Nominations close on Tuesday, Sept. 24 at 2 p.m.
The Yarmouth NDP riding association has nominated Charles Webster as its candidate in the upcoming provincial election, bringing to three the number of nominated candidates. Webster is a minister.
Liberal Zach Churchill is seeking to retain his seat. Municipal councillor and businessman, John Cunningham is running for the Progressive Conservative banner.
The NDP now has candidates nominated in all ridings. On the PCs website there are no candidates listed yet for the ridings of Preston and Glace Bay. The Liberals also have a full slate. The Green Party has issued a party platform behind its leader John Percy.
Although nominations don't close until 2 p.m. on Tuesday, in this election voters have been casting their ballots since the returning offices opened. By today, Friday, Sept. 20, 215 people had already cast their votes at the office at the corner of John and Second streets (next to the Vanguard). For now, voters are writing in their vote as the named ballots won't be available until after nominations close.
Continuous voting is one of the changes Elections Nova Scotia has instituted since the last general election. During normal open hours, at any returning office, from now until election day, voters can cast their ballots. If they expect to be away from their riding through the election period, they can vote out of their district in any returning office. Arrangements have been made to accommodate the homeless, the acutely ill, the house-bound. Elections Nova Scotia is providing outreach to students and to First Nations. Never has more effort been put into providing voters with the opportunity to exercise their vote.
Except when it comes to electronic voting.
Electronic voting is gaining acceptance from segments of the voting public across Canada, but don’t look for it to come to a provincial or federal election in the near future.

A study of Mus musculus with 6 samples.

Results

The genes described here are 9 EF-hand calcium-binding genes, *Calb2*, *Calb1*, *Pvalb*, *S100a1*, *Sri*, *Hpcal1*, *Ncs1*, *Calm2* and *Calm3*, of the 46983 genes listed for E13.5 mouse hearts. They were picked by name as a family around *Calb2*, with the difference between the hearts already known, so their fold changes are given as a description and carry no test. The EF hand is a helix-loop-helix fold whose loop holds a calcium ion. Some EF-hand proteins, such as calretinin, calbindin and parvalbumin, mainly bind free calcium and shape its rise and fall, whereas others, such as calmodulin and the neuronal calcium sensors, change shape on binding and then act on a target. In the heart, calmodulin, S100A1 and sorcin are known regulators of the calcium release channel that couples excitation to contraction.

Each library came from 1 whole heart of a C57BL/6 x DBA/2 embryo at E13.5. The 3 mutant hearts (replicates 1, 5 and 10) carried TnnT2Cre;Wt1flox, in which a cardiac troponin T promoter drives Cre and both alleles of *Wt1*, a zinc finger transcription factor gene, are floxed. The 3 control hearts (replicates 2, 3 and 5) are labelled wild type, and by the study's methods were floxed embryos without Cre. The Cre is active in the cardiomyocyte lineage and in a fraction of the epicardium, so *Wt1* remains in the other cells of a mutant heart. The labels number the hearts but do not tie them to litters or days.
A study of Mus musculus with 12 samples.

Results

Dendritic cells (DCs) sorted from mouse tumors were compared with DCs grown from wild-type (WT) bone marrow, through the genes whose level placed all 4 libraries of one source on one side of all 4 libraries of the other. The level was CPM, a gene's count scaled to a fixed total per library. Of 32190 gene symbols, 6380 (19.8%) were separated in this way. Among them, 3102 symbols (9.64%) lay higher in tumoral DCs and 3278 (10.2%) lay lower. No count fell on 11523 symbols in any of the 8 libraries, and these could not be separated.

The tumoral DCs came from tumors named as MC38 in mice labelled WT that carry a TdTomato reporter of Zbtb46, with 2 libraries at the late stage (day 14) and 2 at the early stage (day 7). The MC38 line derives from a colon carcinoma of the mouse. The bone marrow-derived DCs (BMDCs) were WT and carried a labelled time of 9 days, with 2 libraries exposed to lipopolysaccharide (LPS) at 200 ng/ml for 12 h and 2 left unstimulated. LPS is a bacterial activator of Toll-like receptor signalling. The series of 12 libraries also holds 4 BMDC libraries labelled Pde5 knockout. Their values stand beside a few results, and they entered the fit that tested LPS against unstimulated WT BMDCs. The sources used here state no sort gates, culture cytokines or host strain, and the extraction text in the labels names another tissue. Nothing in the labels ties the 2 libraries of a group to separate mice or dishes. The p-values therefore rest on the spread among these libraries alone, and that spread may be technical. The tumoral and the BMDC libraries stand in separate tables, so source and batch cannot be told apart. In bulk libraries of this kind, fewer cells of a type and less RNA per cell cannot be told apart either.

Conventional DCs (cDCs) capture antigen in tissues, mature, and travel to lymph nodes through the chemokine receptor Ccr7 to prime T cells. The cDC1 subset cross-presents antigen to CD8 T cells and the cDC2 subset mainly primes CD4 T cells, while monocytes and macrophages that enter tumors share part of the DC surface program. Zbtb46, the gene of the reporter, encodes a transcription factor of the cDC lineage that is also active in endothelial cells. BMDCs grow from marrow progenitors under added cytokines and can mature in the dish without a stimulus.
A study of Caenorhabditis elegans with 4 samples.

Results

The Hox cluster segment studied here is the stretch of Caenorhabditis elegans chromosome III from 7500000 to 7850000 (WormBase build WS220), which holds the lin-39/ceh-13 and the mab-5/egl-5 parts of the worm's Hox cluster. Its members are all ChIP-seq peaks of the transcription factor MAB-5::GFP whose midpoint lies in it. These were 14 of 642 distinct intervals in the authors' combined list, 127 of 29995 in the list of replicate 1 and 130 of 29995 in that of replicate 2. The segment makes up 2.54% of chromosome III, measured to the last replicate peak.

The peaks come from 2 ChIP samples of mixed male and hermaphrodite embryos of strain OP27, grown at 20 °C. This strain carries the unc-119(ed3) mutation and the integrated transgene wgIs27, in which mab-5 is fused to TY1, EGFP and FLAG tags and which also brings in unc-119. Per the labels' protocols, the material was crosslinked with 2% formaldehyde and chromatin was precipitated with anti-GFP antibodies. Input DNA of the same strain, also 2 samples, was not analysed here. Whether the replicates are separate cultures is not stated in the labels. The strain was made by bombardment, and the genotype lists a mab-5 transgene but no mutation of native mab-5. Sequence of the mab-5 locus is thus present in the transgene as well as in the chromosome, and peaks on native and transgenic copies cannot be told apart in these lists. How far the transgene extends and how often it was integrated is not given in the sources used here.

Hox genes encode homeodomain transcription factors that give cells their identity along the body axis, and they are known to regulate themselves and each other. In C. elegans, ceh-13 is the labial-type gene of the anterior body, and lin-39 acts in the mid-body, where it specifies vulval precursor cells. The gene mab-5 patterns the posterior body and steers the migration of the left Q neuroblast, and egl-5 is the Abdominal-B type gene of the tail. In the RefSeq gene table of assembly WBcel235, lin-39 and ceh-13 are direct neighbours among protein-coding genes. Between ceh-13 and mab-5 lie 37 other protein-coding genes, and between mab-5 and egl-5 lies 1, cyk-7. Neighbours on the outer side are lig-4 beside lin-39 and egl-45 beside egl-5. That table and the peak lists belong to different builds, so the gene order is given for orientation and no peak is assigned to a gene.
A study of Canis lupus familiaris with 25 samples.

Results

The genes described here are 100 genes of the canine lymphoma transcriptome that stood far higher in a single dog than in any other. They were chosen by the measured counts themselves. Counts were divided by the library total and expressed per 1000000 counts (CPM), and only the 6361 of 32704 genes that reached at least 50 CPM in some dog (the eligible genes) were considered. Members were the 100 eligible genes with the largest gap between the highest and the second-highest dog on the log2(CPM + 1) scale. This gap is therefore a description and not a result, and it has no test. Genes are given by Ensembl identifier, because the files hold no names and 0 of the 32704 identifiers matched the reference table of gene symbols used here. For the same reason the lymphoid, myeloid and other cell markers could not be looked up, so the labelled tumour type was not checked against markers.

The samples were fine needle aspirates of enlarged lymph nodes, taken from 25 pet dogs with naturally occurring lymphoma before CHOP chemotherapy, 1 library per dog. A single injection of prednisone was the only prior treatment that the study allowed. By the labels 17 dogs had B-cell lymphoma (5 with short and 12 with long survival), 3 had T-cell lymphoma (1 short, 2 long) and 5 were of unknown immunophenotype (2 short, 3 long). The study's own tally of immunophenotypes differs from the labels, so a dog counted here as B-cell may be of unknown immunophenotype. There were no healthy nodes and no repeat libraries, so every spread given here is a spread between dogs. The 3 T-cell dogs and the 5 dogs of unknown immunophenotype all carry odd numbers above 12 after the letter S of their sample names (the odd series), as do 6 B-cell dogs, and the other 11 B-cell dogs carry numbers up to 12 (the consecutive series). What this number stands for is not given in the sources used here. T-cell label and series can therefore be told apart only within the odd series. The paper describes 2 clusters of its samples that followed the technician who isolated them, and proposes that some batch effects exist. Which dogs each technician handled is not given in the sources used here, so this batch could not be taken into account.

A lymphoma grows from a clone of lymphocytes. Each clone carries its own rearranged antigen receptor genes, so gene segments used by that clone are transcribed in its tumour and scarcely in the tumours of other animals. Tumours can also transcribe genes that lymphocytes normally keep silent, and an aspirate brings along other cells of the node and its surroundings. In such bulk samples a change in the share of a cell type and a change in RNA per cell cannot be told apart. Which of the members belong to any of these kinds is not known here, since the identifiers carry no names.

Dana Doiron, Elections Nova Scotia’s director of policy and communications, says it would require legislative amendment of the Elections Act to enable electronic voting. There appears to be little appetite for making those changes around the board table at the Election Commission of Nova Scotia, which provides advice to the province’s chief electoral officer on these matters.
In a recent report to Elections Nova Scotia, the commission acknowledged that “most would agree that online voting is consistent with our increasingly online society”
However, the commission concluded, “The basic questions of how to maintain the security, validity, and integrity of our elections has not yet, in our opinion, been satisfactorily answered. Until credible answers to these questions are available, and until functioning, transparent Internet and telephone voting systems have been demonstrated and proven, extreme caution and prudence is required.”
In 2009 just 58 per cent of eligible voters cast a ballot in the province's general election.
In the 2012 municipal elections, 15 of the province’s 54 municipal units conducted some form of electronic voting. Potentially, 65 per cent of the province’s electorate (including voters whose representatives were acclaimed) had the opportunity to vote electronically.